Parashat Pekudei

Experiencing God In The Dark And The Light

We should strive to feel the presence of God in our lives, just as the presence of God filled the Tabernacle.


In the Etz Hayim commentary the two holy places in the Israelite camp are likened to the two types of God encounters we experience in our lives: the intense and the ever-present. Why did the Israelites need these two different encounters? Do we, as modern Jews, experience the "theology of encounter" and the "theology of presence?"

The Yalkut Eliezer mentions dark times and good times in our lives. Is this a good way to live our lives?

D'var Torah

Our connection with God often seems elusive. Now several generations have lived through amazing scientific discoveries that allow us to understand so much of our world. Yet, we are not yet able to prove scientifically that God exists.

Our ancestors were given a gift: The Israelites were able to experience God's real and awesome might. We do not always see the grand miracles they did. Yet if we choose to see the daily miracles around us and if we work to create a relationship with the Divine, we can also have a special connection with God.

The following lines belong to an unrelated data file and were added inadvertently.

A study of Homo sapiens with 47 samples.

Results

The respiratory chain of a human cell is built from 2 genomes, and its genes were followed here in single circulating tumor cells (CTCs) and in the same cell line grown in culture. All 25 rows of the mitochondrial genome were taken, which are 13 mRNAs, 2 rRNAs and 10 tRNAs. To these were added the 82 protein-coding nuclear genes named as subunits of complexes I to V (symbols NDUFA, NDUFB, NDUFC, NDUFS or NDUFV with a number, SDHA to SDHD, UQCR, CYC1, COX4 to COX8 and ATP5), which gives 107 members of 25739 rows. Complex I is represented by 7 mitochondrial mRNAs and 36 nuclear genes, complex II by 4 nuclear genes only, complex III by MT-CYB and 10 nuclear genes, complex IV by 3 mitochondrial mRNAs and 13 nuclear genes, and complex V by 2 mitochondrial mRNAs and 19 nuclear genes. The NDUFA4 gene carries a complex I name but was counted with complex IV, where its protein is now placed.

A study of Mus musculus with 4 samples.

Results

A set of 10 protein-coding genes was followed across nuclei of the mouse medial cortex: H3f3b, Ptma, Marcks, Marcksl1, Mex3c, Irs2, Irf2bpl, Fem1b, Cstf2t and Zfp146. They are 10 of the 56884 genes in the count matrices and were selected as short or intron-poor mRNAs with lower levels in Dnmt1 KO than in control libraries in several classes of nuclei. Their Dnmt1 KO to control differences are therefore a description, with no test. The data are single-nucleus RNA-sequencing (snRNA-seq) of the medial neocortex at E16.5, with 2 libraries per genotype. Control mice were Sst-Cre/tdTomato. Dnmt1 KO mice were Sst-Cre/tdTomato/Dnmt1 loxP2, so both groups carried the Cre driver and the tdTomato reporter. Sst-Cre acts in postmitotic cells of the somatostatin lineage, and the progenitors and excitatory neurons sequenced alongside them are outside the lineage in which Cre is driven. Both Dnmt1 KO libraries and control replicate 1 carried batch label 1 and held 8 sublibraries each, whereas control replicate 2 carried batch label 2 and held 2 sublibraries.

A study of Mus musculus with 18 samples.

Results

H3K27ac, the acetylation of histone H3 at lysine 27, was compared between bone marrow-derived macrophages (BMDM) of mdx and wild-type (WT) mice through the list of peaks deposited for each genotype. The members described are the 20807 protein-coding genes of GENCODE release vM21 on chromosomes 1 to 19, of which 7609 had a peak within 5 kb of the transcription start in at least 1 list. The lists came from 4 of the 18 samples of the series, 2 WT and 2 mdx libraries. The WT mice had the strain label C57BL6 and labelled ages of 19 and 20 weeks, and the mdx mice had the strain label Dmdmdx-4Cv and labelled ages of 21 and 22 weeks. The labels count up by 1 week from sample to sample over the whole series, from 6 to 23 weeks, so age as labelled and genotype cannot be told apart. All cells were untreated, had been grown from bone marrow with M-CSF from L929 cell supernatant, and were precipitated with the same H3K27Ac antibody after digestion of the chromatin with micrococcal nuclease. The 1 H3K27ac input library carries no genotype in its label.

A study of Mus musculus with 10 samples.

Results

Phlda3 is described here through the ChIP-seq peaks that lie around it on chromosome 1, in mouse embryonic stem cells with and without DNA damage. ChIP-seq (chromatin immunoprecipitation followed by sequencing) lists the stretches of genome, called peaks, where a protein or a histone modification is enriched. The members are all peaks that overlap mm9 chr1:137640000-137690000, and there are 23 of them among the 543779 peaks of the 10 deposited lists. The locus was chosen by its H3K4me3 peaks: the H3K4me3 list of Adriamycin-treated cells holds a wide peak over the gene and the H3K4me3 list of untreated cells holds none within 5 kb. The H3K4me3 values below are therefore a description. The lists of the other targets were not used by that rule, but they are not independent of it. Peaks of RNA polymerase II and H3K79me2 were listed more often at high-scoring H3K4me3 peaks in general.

Our definition of miracle and God-encounter needs to change from that which the Israelites experienced. Too often we, adolescents and adults alike, are so caught up in needing proof that we do not stop to appreciate what God has provided for us.

Perhaps it is time to change the prism we use to perceive God. Of course, like Moses, there will be times when we cannot approach God, either due to obstacles within ourselves or the obstacles God places before us. However, as stated in the Yalkut Eliezer, we need to remember God's Presence both in good times and when life seems most difficult.

At any moment, our lives can take a turn, for better or for worse. Our job is to experience and appreciate God in our lives on a daily basis and when we have an intense moment with the Divine.

It is interesting that when we started the Book of Exodus, the Israelites were enslaved. God shows us that intense experience of getting the Israelites out of Egypt. Now, at the end of Exodus, God's Presence appears to be a constant for the Israelites. May we all learn to appreciate the presence of God in our lives. Chazak, chazak, v'nitchazeik. (Be strong, be strong, and let us be strengthened.)